By Michael Mandeville ’11
We’ve heard about the earthquake victims in Haiti, Chile, Japan; those protesting against the oppressive governments of Tunisia, Libya and Egypt; and a decent portion of others struggling against, well, just about everything in the world.
So beyond our prayers and classroom discussions, do students really express much concern? Should our generation have to care?
There might not be immediate effects on the majority of us here from these world issues, especially considering our age (your family vacation to Japan or Libya that was suddenly halted doesn’t count, though still unfortunate). But as obvious as it seems, yes, we should care. In fact, we are in debt to care quite a bit.
I hate to put it this way, but the American populous often feels entitled to global attention. Take just about any crisis, domestic or international, and it doesn’t just head the news throughout the globe, it becomes the priority of international affairs.
One can argue that the United States rightly deserves the attention, considering they’ve dipped their fingers into what seems like everyone’s business.
But being rooted in this entitlement, other country’s issues receive an insignificant amount of attention in comparison.
And it is not like there isn’t anything going on to care about; in fact, there is actually a ridiculous amount of activity around the world.
Take the situations in either Libya or Egypt. Yes, for the most part we understand that relatively important things are happening, but it is beyond that. In those countries alone, the current situations are huge.
To put it in the simplest terms, a complete restructuring of the government is occurring; the preceding oppressive governments that held power for several decades are disintegrating.
In Egypt, Hosni Mubarak, the previous head of state, stepped down and resigned his power since protests first started earlier this year. The Libyan government, headed by Muammar Gaddafi, is currently receiving immense amounts of pressure from rebel armies who hope to create similar change to that in Egypt.
These two instances, or any of such caliber, would be unimaginably important to us here in the United States if they were happening to us.
Well in this case, American politicians have to express concern as American interests are affected by these uprisings, but the general population has a way of dusting it off of their shoulders.
Sure there isn’t much the average person can do, but I’d hope it would at least provoke people to consider their own situation at home.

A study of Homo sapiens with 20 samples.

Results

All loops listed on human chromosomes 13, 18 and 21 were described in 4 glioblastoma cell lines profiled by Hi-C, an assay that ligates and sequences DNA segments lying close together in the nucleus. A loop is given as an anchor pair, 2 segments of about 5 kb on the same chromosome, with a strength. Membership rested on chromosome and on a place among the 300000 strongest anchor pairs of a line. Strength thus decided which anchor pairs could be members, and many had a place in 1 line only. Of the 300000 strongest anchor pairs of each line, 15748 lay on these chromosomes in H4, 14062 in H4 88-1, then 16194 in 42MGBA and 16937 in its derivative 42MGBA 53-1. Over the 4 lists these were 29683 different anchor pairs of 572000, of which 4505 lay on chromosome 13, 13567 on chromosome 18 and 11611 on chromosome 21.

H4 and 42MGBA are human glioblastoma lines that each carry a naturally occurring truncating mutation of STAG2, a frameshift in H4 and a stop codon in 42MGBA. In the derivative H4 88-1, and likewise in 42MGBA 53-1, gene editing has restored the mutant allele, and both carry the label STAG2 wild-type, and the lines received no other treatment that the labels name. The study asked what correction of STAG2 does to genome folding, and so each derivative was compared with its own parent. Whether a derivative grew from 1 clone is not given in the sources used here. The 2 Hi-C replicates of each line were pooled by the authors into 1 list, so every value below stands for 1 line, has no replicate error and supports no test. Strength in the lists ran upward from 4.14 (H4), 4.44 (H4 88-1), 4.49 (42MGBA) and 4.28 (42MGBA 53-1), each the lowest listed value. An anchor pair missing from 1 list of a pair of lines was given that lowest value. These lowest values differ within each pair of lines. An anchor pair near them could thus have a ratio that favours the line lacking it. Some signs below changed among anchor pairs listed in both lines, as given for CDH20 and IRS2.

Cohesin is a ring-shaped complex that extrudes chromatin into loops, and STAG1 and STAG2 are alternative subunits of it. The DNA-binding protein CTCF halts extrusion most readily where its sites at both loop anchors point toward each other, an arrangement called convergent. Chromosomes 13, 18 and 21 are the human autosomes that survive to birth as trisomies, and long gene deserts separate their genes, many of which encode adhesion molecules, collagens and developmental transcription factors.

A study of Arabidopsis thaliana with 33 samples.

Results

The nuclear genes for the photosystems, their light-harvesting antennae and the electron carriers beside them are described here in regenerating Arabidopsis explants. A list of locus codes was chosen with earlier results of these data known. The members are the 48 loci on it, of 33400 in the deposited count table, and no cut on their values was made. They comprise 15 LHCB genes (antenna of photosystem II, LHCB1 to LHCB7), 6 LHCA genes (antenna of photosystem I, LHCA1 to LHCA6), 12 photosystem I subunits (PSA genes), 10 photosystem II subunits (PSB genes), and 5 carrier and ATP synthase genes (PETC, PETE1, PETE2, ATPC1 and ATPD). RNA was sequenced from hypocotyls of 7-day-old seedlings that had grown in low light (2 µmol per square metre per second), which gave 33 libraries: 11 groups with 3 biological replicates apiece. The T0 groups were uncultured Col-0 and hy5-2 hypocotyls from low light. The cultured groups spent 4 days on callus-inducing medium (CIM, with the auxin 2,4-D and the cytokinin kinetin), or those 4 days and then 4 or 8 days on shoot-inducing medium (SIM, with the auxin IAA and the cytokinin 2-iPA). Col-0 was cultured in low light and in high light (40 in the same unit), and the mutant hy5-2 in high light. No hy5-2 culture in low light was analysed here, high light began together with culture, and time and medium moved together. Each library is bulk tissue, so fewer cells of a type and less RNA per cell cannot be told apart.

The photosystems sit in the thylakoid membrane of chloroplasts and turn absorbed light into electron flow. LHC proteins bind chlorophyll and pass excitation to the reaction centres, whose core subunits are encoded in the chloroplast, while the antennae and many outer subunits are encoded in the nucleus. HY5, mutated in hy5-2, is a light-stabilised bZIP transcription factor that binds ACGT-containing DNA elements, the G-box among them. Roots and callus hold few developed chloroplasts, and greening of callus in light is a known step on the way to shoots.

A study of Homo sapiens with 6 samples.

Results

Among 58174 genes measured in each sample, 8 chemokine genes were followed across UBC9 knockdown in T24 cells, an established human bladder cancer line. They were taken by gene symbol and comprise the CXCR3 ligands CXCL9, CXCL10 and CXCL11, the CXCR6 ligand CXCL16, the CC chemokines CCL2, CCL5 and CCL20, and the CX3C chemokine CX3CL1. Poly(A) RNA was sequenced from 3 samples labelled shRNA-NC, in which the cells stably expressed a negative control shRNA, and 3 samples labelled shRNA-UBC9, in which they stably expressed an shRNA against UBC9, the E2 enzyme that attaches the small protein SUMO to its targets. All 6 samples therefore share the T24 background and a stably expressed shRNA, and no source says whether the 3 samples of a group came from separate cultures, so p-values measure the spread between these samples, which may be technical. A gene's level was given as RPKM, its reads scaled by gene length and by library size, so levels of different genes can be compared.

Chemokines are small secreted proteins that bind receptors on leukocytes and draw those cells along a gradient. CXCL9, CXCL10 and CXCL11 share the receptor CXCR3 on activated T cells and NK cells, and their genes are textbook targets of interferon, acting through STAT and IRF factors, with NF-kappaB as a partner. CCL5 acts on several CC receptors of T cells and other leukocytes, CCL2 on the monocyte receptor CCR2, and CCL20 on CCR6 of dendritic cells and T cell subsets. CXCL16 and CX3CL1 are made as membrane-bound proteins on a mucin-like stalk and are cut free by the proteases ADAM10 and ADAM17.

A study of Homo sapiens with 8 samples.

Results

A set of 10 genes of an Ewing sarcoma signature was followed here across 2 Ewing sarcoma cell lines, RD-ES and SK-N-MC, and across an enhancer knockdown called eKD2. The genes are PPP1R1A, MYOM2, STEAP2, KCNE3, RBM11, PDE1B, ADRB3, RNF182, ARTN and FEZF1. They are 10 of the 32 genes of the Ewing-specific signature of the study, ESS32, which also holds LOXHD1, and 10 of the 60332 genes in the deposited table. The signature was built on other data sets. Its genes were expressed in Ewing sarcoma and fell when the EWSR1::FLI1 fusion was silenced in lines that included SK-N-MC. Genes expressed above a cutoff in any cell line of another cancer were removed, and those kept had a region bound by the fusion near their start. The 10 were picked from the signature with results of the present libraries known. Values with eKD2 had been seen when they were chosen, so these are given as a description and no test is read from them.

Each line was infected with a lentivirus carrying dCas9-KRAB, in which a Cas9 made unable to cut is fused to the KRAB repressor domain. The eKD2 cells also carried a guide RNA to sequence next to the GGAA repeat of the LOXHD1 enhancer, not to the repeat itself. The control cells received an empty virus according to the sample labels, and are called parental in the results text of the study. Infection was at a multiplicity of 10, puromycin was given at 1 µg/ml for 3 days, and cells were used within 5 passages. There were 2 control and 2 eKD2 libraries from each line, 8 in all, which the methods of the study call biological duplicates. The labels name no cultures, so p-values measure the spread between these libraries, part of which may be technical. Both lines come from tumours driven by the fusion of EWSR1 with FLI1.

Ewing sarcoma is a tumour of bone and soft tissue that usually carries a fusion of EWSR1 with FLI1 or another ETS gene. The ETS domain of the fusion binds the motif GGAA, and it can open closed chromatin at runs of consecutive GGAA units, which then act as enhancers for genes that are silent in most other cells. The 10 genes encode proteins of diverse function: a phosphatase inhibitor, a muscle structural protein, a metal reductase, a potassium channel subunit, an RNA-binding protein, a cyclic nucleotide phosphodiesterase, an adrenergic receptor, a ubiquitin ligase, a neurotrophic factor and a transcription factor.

Let’s be honest, there is plenty wrong with American society and politics, and only some care enough to be proactive about it (i.e. Wisconsin protests against legislation directed towards collective bargaining).
But this is not a call for domestic uprising, and frankly, it would take a whole lot to instill such a drastic and passionate response from the American people.
Rather, I have hope that people crack out of their shells and open up to the on-goings constantly happening.
As a part of the generation whom, before we know it, will be making decisions and experiencing the repercussions from global affairs, I recognize that we have to start caring; it really isn’t an option.
Fortunately, there are people who care quite a bit, and I can’t appropriately express how grateful I am to be surrounded by individuals that encourage the concern (thanks Brophy).
Ryan Michels ’11 is one of those inspiring students around campus that, whether or not you agree with his political beliefs, is an extremely informed and respectable individual who really does care.
As our generation needs to start recognizing, Michels understands that the people, especially our generation, need to become informed and involved.
“Abuses of power and authority thrive off of an indifferent population,” Michels said. “When the transgressions of the powerful finally affect you, it is already too late to stop them.”
If we don’t start doing something, even if that something is reading the news, actively discussing with issues peers or joining activist clubs around campus, we will be forced to begin caring as a result of unavoidably relevant issues.
“Healthy and sound societies have direct participation in the activities and affairs of their governments and economies,” Michels said.
An informed and sympathetic generation, after all, is what is going to promote and cause real, profound change.